Earlier this year, the high school jazz band at Miami’s New World School of the Arts recorded a performance of three musical arrangements by jazz legend Duke Ellington.
They submitted their routine to Jazz at Lincoln Center, hoping to be selected to perform at the 2016 Essentially Ellington High School Jazz Band Competition & Festival in New York, one of the most prestigious high school jazz events in the country. Jazz giants Wynton Marsalis, Chris Crenshaw and others serve as judges.
The New World band not only was picked to perform — out of 112 bands nationwide — but it came in first place, something it had not done since 2005.
By placing in the top three, the band played as part of the festival following the competition. In addition to being named the top band, the band also took home awards for Outstanding Rhythm Section, Outstanding Saxophone Section and Outstanding Trombone Section.
Many, too, were recognized for individual awards:
Roberto Acosta was recognized for Outstanding Piano. Kebra Seyoun-Charles won for Outstanding Walking Bass. Victor Valdes was given honors for Outstanding Drums. Tyler Goodman was noted for Outstanding Clarinet. Abdias Armenteros was named Outstanding Tenor Saxophone. Jasmine Moody was awarded Outstanding Vocals. New World instructor and band director Jim Gaisor was awarded Most Original & Consistently Original Directing Style.
“This is my 17th year teaching here. I believe strongly in the expression – and my students know it – ‘Trust the process,’” said Gaisor, 44. “For example, the rhythm section was all seniors. I look at this first-place win as though it took four years to do this. It’s about trusting the rehearsal process every day.”
Instead of making the “touristy” stops during their down time in New York, the band went to the Village Vanguard – the legendary jazz club in Greenwich Village.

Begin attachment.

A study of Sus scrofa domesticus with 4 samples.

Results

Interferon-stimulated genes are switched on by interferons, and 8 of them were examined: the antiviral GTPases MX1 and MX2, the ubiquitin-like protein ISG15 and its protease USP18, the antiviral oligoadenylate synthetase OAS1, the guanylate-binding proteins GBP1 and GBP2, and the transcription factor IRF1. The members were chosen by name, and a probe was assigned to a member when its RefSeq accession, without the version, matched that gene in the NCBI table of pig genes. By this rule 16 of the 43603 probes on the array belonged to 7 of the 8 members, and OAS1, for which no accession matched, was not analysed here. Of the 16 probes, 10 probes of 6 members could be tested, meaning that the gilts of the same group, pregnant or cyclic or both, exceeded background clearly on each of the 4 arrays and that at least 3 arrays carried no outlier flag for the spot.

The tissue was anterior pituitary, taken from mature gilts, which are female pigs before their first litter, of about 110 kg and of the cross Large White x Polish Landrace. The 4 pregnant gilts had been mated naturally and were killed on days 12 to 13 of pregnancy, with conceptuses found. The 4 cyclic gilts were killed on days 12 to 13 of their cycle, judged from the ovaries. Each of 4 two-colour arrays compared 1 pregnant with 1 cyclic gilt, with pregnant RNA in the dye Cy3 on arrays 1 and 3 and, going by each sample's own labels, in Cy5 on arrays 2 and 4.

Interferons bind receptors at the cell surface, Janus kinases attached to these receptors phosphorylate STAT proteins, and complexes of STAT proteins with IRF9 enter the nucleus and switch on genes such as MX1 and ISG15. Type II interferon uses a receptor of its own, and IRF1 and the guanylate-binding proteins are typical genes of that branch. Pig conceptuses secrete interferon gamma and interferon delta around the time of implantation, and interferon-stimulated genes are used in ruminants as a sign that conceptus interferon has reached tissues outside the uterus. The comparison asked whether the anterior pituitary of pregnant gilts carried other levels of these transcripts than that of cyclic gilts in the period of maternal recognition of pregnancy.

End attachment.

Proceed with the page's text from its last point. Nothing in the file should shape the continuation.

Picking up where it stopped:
“We didn’t realize how huge it was. It was on the news. It was in newspapers. We realized that this thing was bigger than any of us,” said Joseph. “It just showed me that the world is open.”
Joseph and trombonist Luis Nuñez are juniors at New World. Both estimate they spend close to 40 hours every week practicing music — including the three hours a day they practice music at school.
Their practice time does not take into account the hours spent studying and doing homework to keep up with the rigors of their academics. They are both A students.
Luis, 17, lives in the Hammocks area. He wakes up at 5 a.m. to get to school. He takes a bus to the Metrorail station, a Metrorail train to downtown, then a Metromover to New World. His commute takes him several hours every day and he will often spend more than 12 hours a day outside of the home. Once he gets home, he catches up on schoolwork – as well as practicing music.
He said the last time he hung out with his friends was to see Deadpool when it was in theaters more than three months ago.
“I typically go and listen to a recording of myself from a year ago and I go, ‘There’s been progress, why stop now?’” he said.
That’s where Gaisor says that his “trust the process” philosophy comes into play.
“That’s the challenge. They make big sacrifices,” Gaisor said. “Nobody’s going to know if you went home tonight and practiced for an hour and a half… It’s about stacking an hour and a half, and another, and another, and another — and then all of a sudden you’re developing.”
Both got into music through their families. Luis was inspired to pursue music after he saw his older brother play music during his time at Felix Varela Senior High. Joseph’s father, Ricky Miller, was a pianist.
A Liberty City native, Joseph originally found his love for music through his father, but also credits his church for nurturing that interest. He is a member of New Birth Baptist Church, where he is part of the band. In addition to the saxophone, he plays the piano, the organ and the drums.
When asked about what his plans are after New World, Joseph asked whether he should give his “two-year plan” or his “five-year plan.”
He hopes to translate his musical talents into a scholarship at a top music school – perhaps The New School in New York or Berklee College of Music in Boston. While he wants to be a professional musician, he also says that he’s interested in teaching music one day, following his mother’s lead – a Miami-Dade County Public Schools teacher.
“It does get tiring, but from my standpoint, eventually it pays off in the end,” he said.